For the better part of their early Atlanta history, the Braves were lovable losers. And sometimes they were not so lovable, they were laughable they were so bad.
In the mid-1980s, the Atlanta Braves came up with a plan to turn a loser into a winner.
Today, in Cooperstown, N.Y., nobody is laughing at the Braves. And that success story that includes a 1995 World Series championship, five National League pennants, 14 consecutive division titles and a host of individual honors.
Three key pieces of that puzzle will be inducted into the National Baseball Hall of Fame during a 1:30 p.m. ceremony. They are:
Bobby Cox was the general manager in the 1980s when the club began to draft, cultivate and stockpile talent in the farm system, and became the manager who put it all together on the field.
Left-handed pitcher Tom Glavine was one of the talented draft choices taken in 1984 and groomed in the minor leagues.
Right-handed pitcher Greg Maddux was a 1993 free-agent acquisition that paid huge dividends.
It is a proud moment for Cox and the entire organization, which chartered a plane to bring a healthy travel party to rural New York for the celebration.
Cox managed the Braves from 1978-'81, and returned in 1986 as the general manager.
"When I got there, we made a decision to develop a strong farm system," Cox said Saturday in Cooperstown. "All of our budget went into scouting, and there was little for the big club."
That was the first step to changing the Loserville image. But it did not happen immediately.
"We spent a lot of money on that plan," Cox said. "A plan can be a great plan and fail. Fortunately, our plan worked."
Boy, did it.
With players like Glavine coming off the farm, the Braves did something that had never been done in the history of the game. In 1990, Atlanta had the worst record in the major leagues. In 1991, the Braves went from worst to first, winning the National League West and the NL pennant. The fairy tale ending fell just short when the Braves lost to the Minnesota Twins in Game 7 of the World Series.
One of the key pieces of the plan was John Schuerholz. He came over from Kansas City in 1990 as general manager, and Cox moved from the front office back to the dugout.
"What Bobby started and John finished brought winning baseball to Atlanta and the Braves," said current General Manager Frank Wren. "They transformed this franchise."
Schuerholz is here this week, and he is as proud as the inductees.
"We brought a plane load of people to celebrate," Schuerholz said. "We would have liked to have brought more, but we have these games back in Atlanta to play. We need some people to take tickets and put people in their seats."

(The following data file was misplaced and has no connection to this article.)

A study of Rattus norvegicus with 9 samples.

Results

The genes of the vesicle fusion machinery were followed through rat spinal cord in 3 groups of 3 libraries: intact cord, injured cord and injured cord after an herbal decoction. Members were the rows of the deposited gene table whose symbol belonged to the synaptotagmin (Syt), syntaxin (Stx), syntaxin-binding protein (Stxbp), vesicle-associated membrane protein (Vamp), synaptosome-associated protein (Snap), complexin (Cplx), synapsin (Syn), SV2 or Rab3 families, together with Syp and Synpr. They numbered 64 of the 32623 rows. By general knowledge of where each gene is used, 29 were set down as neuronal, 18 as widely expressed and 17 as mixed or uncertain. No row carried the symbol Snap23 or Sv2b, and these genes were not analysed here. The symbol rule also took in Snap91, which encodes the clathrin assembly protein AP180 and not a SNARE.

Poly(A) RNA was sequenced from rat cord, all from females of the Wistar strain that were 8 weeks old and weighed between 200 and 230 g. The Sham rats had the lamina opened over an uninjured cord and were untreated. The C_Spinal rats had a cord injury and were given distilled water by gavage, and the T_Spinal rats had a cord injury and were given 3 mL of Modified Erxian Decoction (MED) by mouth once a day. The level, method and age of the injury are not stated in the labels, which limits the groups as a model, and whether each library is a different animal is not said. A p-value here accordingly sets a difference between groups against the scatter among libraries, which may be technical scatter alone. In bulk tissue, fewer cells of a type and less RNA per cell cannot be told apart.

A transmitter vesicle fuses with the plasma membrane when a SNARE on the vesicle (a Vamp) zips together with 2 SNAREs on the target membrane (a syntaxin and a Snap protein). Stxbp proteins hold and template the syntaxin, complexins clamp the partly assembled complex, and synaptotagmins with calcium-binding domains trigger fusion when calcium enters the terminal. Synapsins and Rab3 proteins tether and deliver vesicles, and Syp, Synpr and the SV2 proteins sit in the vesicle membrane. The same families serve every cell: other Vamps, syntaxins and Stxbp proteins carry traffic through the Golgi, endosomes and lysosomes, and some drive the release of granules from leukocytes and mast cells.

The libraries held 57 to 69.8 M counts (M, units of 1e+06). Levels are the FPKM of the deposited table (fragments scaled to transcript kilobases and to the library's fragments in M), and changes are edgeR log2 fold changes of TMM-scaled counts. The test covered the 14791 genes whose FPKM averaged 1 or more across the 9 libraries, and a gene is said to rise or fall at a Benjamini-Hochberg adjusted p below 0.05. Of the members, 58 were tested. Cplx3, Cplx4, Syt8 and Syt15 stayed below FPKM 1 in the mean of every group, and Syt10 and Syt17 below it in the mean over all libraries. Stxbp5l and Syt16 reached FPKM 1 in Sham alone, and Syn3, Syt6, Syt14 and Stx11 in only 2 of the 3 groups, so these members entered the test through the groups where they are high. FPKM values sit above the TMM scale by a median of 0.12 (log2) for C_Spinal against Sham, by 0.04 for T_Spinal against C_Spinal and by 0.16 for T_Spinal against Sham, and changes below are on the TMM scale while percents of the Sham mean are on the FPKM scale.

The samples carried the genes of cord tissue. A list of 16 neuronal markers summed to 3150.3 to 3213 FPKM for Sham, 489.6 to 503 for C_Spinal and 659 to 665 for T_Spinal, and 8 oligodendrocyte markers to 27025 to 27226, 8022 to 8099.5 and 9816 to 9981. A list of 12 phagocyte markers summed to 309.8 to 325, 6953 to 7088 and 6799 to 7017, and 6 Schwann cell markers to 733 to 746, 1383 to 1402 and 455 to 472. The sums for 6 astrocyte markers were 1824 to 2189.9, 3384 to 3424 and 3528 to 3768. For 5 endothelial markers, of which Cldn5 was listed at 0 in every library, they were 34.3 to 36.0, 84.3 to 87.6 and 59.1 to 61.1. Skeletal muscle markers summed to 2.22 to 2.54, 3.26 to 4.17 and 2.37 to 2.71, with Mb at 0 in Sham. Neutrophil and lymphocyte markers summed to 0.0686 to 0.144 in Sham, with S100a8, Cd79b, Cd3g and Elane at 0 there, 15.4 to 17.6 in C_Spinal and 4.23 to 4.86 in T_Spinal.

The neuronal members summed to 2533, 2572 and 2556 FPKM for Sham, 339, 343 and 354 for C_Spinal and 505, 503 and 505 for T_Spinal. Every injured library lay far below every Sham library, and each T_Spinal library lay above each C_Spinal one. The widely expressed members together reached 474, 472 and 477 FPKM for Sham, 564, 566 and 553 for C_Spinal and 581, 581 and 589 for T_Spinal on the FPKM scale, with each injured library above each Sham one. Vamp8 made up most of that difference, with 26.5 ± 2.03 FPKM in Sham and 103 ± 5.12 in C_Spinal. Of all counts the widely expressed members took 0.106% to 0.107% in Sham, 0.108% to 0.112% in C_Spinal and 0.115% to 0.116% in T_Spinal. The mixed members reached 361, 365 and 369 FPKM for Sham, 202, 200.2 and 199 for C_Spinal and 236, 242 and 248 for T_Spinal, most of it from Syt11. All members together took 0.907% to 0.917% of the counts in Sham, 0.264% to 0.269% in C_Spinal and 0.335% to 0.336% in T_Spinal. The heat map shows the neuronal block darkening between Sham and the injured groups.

It is unprecedented for three central figures from the same team in the same era to go into the Hall of Fame together. And that is not lost on Glavine.
"I am not a historian and know some teammates gone into the Hall of Fame," Glavine said. "But not together, like this on the first ballot. I know this is a big deal. And from a personal level, to have the others here is pretty cool."
Glavine pointed to the division title run and stated the obvious.
"We were really good," he said. "And we were good for a long time, and we had good players."
One of those was Maddux. And Schuerholz said the 1993 signing of Maddux was confirmation that the plan was working. Maddux selected the Braves over the Yankees.
"He wanted to be a Brave," Schuerholz said. "He actually looked at what we were doing and saw the commitment to winning. He said I want to be a part of this."
Wren believes Atlanta will have more reunions in the Leatherstocking Region of upstate New York before this is done.
"This won't be the last time," Wren said.
John Smoltz, a pitcher acquired in a trade from Detroit in 1987, is eligible for selection to the Hall of Fame next year. He has a Cy Young award and is the only pitcher in the history of the game with more than 200 wins and 150 saves.
Chipper Jones, the top pick in the 1990 draft who played his entire 19-year career in an Atlanta uniform, is eligible in 2018. And Schuerholz could also earn selection for his role as architect of the turn around.
Cox said the question should not be if, but when will the three be tapped for Cooperstown.
"I expect it," Cox said. "I think both Johns -- John Smoltz and John Schuerholz -- will both get in. And I think Chipper is a lock. There is no doubt about that in my mind."